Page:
The Northern Cape. I expected miles and miles of desert. I even thought it may be a bit bland, somewhat boring. How very wrong I was. While there were indeed, miles of flat, desert-like plains, it was heart-achingly beautiful, with rocky outcrops and lunar landscapes under a bright blue sky that stretched to forever. The people, as warm as warm can be.
Landing in Kimberley, I realise that there’s something about the place… Maybe that it’s named after a woman (I must look that up)? We arrive as the sun sets on an ordinary Wednesday night, but she puts on a show of colour and emits a licentious aroma as we book into the Boy’s Club, I mean Kimberley Club, for the night.
The cigar smoke-soaked wooden-panelled passages and high-ceilinged rooms whisper stories from a town that made its living from sparkling stones, dug from the enormous hole in the centre of town. There’s some kind of conference going on. It’s their ‘conference dinner’, and everybody’s speaking in hushed towns in the dining hall as we explore. I have to squash the 10-year old boy inside me who wants to skateboard past, a beatbox (yes, I’m that old), blaring heavy metal.
Heading north-west to Kuruman along miles of beautiful, tarred road bordered by fields of grass and spring-blooming bushes, we stop in at Gong Gong, a tiny settlement on the Vaal River. Near the clinic, a caravan out of a ‘Roadtrippin’ Across the USA’ movie has retired next to a thorn tree that is split through the middle. Lightning never strikes twice.
A little further up the R31, it’s home time for the school children of Delportshoop, filled with beautiful, old, falling-down houses. A kid at the café makes a zap sign at us, strangers in his town who won’t tell his mother. We don’t know her, so he’s safe.
At Ulco, the air is thick with lime from the mine as we make our way through the village, everything a slightly pale shade, except the trees who are opening their new spring leaves, as yet unpowdered. Rows and rows of identical round-roofed houses, each one trying to outdo the next with his wall paint. The air feels too thick to breathe.
We arrive in Kuruman as the sun is starting to set, driving through its wide, pot-holed streets awash with litter. The air here was not filled with lime, but a strange dilapidation. The Eye, in the centre of town cheerfully spills out clear water into a pond filled with happy fish. It’s the place to go, to hide from the rest of the town.
Sadly, if the Eye could walk and talk, instead of just seeing its fern-filled grotto, it would probably hide its face in shame. By the looks of the streets of Kuruman, Service Delivery left town a good few months’ back, leaving neither a note, nor an excuse.
When a petrol tanker overturns on the N14 between Kuruman and Kathu, closing it completely, it may not be wise to ask Google Maps for an alternative route. You might find yourself at a dead end after 20 km of bone-rattling dust road, where a farmer will tell you that you need to go back and head to Hotazel and then on the back roads to Kathu.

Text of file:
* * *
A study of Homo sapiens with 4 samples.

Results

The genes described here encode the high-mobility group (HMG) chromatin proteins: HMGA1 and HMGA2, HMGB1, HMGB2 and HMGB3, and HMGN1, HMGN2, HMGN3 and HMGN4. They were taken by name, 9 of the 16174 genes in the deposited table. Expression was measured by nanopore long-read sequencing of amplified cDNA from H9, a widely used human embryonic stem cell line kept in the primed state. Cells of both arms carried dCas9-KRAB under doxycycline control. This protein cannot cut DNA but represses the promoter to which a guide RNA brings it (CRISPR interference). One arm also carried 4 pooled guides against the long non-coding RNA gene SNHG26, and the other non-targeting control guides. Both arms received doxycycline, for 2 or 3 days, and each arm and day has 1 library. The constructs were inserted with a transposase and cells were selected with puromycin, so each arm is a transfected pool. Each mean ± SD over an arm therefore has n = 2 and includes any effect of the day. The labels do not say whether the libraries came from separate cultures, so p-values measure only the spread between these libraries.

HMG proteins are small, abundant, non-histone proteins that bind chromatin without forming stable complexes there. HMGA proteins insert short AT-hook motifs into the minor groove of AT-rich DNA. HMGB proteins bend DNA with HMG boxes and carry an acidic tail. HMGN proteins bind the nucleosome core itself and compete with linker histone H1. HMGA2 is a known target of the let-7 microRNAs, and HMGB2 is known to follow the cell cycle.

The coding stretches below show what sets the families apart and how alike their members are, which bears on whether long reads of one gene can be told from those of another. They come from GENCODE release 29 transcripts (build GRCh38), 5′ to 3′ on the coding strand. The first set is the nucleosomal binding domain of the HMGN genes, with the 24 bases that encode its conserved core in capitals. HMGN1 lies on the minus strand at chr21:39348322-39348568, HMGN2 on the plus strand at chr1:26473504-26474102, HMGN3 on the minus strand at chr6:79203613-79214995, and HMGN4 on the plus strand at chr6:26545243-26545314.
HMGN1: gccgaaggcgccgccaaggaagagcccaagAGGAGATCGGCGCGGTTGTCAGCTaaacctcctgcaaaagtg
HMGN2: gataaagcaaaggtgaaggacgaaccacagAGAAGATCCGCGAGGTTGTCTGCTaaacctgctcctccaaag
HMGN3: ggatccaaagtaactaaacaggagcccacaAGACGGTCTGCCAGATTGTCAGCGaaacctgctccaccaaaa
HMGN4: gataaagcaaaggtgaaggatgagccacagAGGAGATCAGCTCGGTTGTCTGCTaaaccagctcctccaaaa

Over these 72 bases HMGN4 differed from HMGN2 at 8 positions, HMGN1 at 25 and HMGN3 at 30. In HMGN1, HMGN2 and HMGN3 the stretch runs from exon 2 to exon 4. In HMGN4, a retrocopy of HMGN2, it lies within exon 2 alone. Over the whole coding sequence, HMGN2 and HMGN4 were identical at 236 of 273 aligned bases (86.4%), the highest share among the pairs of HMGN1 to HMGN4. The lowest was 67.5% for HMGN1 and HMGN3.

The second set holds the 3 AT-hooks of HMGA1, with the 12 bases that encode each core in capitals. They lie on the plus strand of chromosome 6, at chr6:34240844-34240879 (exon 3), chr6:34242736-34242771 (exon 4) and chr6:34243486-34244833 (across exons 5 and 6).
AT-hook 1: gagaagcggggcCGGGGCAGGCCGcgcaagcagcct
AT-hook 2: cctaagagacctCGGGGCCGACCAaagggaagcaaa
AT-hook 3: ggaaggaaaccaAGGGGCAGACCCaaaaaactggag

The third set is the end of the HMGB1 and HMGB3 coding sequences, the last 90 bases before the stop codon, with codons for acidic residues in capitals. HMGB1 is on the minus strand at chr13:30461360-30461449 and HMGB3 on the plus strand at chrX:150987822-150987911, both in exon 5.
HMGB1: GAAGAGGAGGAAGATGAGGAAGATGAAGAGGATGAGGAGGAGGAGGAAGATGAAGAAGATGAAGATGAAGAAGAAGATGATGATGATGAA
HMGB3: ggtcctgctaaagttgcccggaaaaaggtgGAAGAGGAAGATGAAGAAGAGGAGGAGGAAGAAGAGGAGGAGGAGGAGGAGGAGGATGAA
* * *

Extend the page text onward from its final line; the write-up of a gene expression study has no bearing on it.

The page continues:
It will, however allow you to meet said farmer – the people of the Northern Cape are friendly and lovely and down-to-earth hospitable – and take a close-up picture of the beautiful flowering bushes that fill the Northern Cape in springtime.
Kathu offered up serendipity by the ton – bumping into family, followed by sweet rock stars and even sweeter shared vodka and Crème Soda from the mini bar, an unexpected fun night out in Small Town, Northern Cape. It’s one of those places, where you expect nothing to happen, and it proves you wrong. Feisty little town.
The cashier in Pick ‘n Pay imparts some wisdom (in case we’d had thoughts of doing some sewing) as we head away from the city lights of Kathu to the quiet of the bush:
“Jy kannie naaldwerk op ‘n Sondag doen nie, jy sal die Here se oog uitsteek.“
(You can’t do needlework on a Sunday, you’ll poke the Lord’s eye out.)
The road from Kathu to Witsand is not for the faint of heart. Seventy kilometres of corrugated dust rewards you with children’s drawing clouds in a heart-piercingly blue sky (see pic at the start of this blog), as your insides rattle and the cobwebs in your head get cleared out.
Witsand is incredible. It’s a nature reserve with some chalets (which are really more like houses in their size!), bungalows and camping sites. The brochure pull of the place are the ‘Roaring Dunes’ – in the middle of pretty Northern Cape bush, these dunes rise above the landscape and roar when the wind blows. They were perfectly silent for us, but that was fine too. Wwe all have those quiet moments.
The thing that makes it so wonderful, I think, is its remoteness. Like I said, the road is a bit of a mission (especially in a non-4X4), so there are few people and there is lots of space. It’s exactly how the bush should be.
Sitting next to the fire, under an enormous Camelthorn tree, I watched tiny bushbuck, mongoose, meerkats and hundreds of birds as they came to drink from the water hole not two metres away. The place has a magical air about it, making you feel as if you’re the only humans on earth.
Later, we brought the meat out to braai and three naughty striped genets snuck through the shadows to try and steal our chops. We slept like the dead in the noisy silence and fresh air of the bush.
Heading toward Upington, it’s almost impossible to describe the unbridled joy and freedom of driving through the Northern Cape under an enormous blue-that-squeezes-your-heart sky, with Dave Mathews loud loud, the Orange River, with her green shawl, zig-zagging through the dry and rocky landscape. It is achingly exquisite.
I must stop now, and I’m only four days into the ten day trip – so much to wax lyrical about. Part two to follow. If you want to see more photos, you can see my album on Stalkbook.